In general fasting is primarily an act of willing abstinence or reduction from certain or all food, drink or both for a period of time. Fasting from anything physical for the sake of our souls is a worthy discipline. You might consider fasting from your mobile phone for an hour or a day, or taking a break from television & internet for an hour or a day.

A spiritual fast involves abstaining from food while focusing on prayer. This can mean refraining from snacks between meals, skipping one or two meals a day, abstaining from certain foods only or a total fast from all types of foods, for an entire day or longer as allowed by a doctor.

In the Old Testament, God commanded Israel to observe several set times of fasting. In the New Testament for believers in Christ, fasting is not required explicitly, but many practiced prayer and fasting regularly. Jesus himself affirmed in Luke 5:35 that after he would leave the world, fasting would be appropriate for his followers.

Acceptable fast:
The acceptable fast is discussed in the book of Isaiah 58:6-7. In this chapter, the nation of Israel is rebuked for their fasting; they are given this exhortation –
”Is not this the kind of fasting I have chosen:
to loose the chains of injustice
and untie the cords of the yoke,
to set the oppressed free
and break every yoke?
Is it not to share your food with the hungry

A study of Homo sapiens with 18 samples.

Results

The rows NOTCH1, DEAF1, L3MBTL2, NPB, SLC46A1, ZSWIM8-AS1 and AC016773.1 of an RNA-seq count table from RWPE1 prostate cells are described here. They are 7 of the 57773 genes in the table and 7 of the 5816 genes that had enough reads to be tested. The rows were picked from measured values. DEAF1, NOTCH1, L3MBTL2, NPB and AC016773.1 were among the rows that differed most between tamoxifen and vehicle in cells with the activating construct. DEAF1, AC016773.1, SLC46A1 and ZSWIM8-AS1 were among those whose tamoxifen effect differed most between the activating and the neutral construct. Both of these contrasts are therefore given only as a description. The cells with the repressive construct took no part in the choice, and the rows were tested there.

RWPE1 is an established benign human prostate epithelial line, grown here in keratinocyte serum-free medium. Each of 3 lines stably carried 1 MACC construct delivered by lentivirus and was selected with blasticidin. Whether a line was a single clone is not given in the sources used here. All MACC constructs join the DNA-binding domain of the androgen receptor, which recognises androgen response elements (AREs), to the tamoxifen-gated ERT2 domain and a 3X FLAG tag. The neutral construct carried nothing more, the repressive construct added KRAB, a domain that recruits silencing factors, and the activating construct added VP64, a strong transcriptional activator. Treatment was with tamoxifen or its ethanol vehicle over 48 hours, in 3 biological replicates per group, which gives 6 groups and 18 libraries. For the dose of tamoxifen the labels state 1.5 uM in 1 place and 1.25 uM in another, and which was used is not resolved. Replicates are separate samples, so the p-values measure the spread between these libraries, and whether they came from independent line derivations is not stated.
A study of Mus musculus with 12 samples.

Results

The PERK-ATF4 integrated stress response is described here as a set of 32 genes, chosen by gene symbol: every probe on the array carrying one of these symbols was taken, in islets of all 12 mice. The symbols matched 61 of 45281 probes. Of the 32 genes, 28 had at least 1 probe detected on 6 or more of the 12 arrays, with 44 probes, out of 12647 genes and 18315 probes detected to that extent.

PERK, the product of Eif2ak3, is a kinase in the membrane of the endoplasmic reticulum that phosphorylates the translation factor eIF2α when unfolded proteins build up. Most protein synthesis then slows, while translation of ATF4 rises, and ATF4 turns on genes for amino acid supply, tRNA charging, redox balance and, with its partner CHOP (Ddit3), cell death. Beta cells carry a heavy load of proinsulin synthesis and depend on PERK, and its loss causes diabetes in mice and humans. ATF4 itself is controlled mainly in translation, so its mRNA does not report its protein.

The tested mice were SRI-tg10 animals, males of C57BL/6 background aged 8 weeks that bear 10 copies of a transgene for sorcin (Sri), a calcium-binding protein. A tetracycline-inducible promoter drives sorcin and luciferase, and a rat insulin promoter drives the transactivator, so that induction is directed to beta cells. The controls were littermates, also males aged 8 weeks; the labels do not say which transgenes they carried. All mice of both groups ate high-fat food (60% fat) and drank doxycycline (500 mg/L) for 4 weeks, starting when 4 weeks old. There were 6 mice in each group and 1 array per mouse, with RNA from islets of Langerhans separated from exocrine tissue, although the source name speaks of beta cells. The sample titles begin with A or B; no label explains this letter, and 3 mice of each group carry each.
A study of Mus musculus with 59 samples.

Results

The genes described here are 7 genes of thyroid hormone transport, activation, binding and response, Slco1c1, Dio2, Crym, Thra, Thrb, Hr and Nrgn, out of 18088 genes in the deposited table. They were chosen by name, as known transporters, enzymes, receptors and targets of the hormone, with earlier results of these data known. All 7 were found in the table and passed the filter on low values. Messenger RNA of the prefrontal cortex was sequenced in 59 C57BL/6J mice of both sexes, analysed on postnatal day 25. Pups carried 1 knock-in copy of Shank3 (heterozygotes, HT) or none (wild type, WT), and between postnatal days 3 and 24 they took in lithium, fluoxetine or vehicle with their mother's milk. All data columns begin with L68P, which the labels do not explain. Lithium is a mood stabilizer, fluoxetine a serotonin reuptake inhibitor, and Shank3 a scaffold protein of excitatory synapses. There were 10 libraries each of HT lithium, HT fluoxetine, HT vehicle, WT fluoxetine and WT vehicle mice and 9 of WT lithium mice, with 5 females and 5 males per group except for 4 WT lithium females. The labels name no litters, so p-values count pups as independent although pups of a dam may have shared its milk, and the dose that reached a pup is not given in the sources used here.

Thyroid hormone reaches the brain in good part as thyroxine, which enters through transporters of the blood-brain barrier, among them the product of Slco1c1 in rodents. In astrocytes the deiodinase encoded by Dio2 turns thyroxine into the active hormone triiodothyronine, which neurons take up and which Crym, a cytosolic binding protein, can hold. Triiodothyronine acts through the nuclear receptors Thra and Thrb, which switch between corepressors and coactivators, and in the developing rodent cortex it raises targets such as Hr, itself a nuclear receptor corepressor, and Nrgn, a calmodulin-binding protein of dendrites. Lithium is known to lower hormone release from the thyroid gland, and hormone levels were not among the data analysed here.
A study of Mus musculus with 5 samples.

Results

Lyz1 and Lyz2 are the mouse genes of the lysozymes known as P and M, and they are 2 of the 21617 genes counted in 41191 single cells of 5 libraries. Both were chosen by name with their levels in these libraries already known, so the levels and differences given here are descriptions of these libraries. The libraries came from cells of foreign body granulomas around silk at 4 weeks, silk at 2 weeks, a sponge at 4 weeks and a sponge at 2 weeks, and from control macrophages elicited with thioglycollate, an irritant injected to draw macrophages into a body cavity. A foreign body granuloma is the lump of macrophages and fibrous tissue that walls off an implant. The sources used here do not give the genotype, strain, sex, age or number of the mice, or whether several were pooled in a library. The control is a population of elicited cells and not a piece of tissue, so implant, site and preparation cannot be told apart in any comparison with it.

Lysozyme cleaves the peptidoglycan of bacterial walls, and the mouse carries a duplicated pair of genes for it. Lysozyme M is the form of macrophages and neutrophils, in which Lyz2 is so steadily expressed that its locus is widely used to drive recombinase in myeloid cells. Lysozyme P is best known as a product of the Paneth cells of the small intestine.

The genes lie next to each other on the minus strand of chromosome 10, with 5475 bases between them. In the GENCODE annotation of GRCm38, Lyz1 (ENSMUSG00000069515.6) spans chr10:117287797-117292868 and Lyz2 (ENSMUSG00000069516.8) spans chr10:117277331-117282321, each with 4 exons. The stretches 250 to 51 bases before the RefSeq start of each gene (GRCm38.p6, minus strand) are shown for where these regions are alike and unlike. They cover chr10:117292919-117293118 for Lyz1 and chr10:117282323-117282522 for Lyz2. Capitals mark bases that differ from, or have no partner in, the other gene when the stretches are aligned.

and to provide the poor wanderer with shelter —
when you see the naked, to clothe him,
and not to turn away from your own flesh and blood?”
This passage indicates that the fast acceptable before God is not merely abstinence from food or water. But a decision to fully obey God’s commands to care for the poor and oppressed. Also refer Zechariah 7:5-10.

Why should we fast?

  • Jesus our Role Model– Mathew 4:1-11.
  • Cornelius fasted to find God’s will – Acts 13:1-5.
  • Paul fasted for his spiritual life – Acts 9:9.
  • Ahab fasted & humbled himself before God -1st King 21:27-29.
  • Esther fasted for and on behalf of her people – Esther 4:13-16.
  • Nehemiah fasted for the broken walls of Jerusalem – Nehemiah 1:4

Conclusion: E.M. Bounds said, “There is no death for prayer. Because of death the praying lips will shut down, the heart beats will stop. But the prayers we made will be there in the presence of God ever and forever”.
We must fast for our own spiritual lives, to find God’s will, to remain holy in the lustful world, and also for the salvation of those around us.

K. Vamsi Praveen Chand, works as National property cell staff I/C in UESI. He lives with his wife Supriya in Indore, Madhya Pradesh.